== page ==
Untrustworthy Product FAQ

As you make your way around our site, you might have come across an icon that looks like this.

https://www.supplementcritique.com/wp content/uploads/2018/08/untrustworthy product

So, What Exactly is an “Untrustworthy Product”?

An untrustworthy product is just that, untrustworthy.

We have determined through our research, testing, and analysis, that this particular supplement is doing something deceitful, and you shouldn’t consider using it.

See how we rate products as “Trustworthy” here.

What makes a product “Untrustworthy?”

There are various reasons why a product may be deemed untrustworthy.

It can be a combination of the below factors, or even just one of them.

They include:

  1. Injecting illegal (or dangerous) ingredients into their formula.

We’ve come across a LOT of products that do this. They’ll put an illegal ingredient (like Sildenafil, the active ingredient in Viagra) into their supposed “herbal supplement” in an effort to make it work.

Even though this may make the product “work”, there are severe dangers to this.

Some supplements that have been caught doing this include:

Any many others…

If we come across a product that is doing this, rest assured it will be marked as an “untrustworthy product”.

2. They are scamming people with a “free trial”

Free trials can be good, sometimes. For example, Netflix used to run a free trial of their service which allowed you to get streaming content for 14 days.

Another example would be Planet Fitness’ free trial.

When it comes to supplements, the problem with free trials is that many of them:

  • Hide the fine print

They will list the terms and conditions of the trial on an obscure / hidden area of the page. Most times it will be way down at the bottom, below where you would enter in your credit card details.

rejuva brain terms and conditions

Sometimes, you won’t even see the terms and conditions on the page, like this:

https://www.supplementcritique.com/wp content/uploads/2018/08/missing terms and conditions

  • Make them impossible to read

In some instances, the terms and conditions will be on the page, but it will be in size 7 font and with a very light grey text.

cognilift terms and conditions

This can be nearly impossible to read, and they are clearly trying to deceive you.

3. They’re using deceptive marketing to advertise their product

This is a big one. You’ll see ads all over social media sites like Facebook, Twitter, and Instagram, claiming that some celebrity has used a particular supplement.

This is VERY common with Nootropic supplements, otherwise known as “brain boosters”.

Here’s a few examples of ads like this:

intellux ad facebook

cognifocus facebook ad

It’s not limited to Nootropics, either. We’ve seen ads like this for virtually every category of supplements, including:

test boost elite facebook ad
This one led to an ad about a Testosterone Booster.
shark tank yoojin and angela kim facebook ad
Another one for a testosterone booster
alpha monster facebook ad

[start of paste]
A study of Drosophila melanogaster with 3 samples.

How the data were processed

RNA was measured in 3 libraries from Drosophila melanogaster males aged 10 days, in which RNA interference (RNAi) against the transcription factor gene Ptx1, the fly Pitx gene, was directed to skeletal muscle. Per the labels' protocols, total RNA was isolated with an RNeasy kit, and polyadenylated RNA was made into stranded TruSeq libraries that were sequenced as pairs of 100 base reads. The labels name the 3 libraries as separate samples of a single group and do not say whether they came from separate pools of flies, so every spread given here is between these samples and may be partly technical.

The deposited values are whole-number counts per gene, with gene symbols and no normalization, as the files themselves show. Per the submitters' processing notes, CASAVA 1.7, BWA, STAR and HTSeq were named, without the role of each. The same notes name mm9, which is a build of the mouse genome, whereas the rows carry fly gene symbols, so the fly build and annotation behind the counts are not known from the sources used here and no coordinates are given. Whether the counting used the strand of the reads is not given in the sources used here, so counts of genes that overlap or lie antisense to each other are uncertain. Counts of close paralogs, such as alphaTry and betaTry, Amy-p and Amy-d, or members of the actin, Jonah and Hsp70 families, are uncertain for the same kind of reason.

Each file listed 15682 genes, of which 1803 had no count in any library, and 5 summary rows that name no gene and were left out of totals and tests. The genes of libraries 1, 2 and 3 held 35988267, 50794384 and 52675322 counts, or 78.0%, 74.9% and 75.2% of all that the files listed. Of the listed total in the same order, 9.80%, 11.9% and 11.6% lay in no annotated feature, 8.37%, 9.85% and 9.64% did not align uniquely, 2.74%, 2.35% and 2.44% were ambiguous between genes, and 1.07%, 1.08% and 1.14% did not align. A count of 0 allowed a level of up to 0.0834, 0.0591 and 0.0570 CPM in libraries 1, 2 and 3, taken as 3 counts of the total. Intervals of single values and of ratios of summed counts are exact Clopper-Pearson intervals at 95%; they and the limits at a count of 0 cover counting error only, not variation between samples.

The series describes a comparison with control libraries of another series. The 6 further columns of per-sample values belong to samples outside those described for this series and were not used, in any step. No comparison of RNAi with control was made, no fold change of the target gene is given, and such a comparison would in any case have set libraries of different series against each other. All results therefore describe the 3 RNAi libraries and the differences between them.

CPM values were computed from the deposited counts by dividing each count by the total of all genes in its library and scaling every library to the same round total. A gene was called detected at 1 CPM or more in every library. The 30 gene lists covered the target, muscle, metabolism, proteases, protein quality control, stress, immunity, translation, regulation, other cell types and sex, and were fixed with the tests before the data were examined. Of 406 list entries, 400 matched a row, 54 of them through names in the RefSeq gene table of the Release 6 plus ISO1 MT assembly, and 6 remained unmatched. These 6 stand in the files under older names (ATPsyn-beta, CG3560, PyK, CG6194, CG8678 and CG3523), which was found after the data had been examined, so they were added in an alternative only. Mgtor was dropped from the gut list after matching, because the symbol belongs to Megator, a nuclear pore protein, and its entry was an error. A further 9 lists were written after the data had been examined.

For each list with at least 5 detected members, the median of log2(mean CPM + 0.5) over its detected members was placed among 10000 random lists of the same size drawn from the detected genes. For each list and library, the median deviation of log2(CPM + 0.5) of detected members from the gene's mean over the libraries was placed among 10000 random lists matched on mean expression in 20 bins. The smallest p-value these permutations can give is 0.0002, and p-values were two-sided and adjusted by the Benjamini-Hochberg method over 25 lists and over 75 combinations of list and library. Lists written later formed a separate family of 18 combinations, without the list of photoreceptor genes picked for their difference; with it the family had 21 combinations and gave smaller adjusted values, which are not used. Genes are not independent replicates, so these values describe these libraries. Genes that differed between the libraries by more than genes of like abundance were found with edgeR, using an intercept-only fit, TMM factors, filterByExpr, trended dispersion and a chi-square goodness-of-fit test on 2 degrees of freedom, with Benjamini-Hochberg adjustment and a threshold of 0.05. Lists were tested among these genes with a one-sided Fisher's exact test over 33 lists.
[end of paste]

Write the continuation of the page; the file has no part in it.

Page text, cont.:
This one was for a weight loss pill

We do our best to expose these ads when we see them, but many of them slip through the cracks.

If you ever come across an ad on Facebook, Twitter, Instagram, or Pinterest that looks suspicious, drop us an email with the link to the ad here.

We’ll even pay you $20 if we end up writing an article exposing the scam!

4. They make outlandish claims without evidence to back it up

The FDA does a pretty good job of keeping track of supplements that are doing this, but occasionally some of them will slip through the cracks.

This is VERY true in when it comes to supplements in the male enhancement vertical.

Many of them will make outlandish claims, most noteworthy being that their supplement will increase the size of your pecker.

3 inches in 3 weeks ad
Like this one for Xanogen and HGH Factor

We’ve personally tested dozens of supplements that make this claim, and not ONE of them ever lived up to it’s promises.

5. They ignore customer emails / phone calls

This one never ceases to amaze me. There are literally dozens of supplement brands that are simply NON RESPONSIVE to customer concerns.

https://www.supplementcritique.com/wp content/uploads/2018/09/ignored

The repeatedly ignore customer emails and / or phone calls, whether it be for questions on how to use the product itself, information on how to get a refund, or other common questions.

If we get enough complaints of a company not following up with their customers in a timely fashion, rest assured they will be marked as “Untrustworthy”.

Our Promise To You

  • We can’t be bought

We’re not paid to change products from “Trusted” to “Untrustworthy”, nor would we ever accept payment to do such a thing.

Trust me, we’ve been offered a lot of money in the past to change our opinions of certain products, and have NEVER budged.

  • We WILL mark a formerly tested product as “Untrustworthy” if something changes

Just because a product is marked Trustworthy doesn’t mean that can’t change.

We’ve had several products that we’ve tested in the past that were marked as “Trusted”, only to find out later on that they were injecting illegal ingredients, scamming people with a free trial, or otherwise deceiving customers.

If a supplement is caught doing this, they WILL be marked as “Untrustworthy”.


While we haven’t rated each supplement that’s been reviewed on this site as trustworthy or untrustworthy, as we get around to testing them out we make modifications to pages all the time.

If you have any questions about how we rate untrustworthy products, you can always email us here. We’d love the hear from you!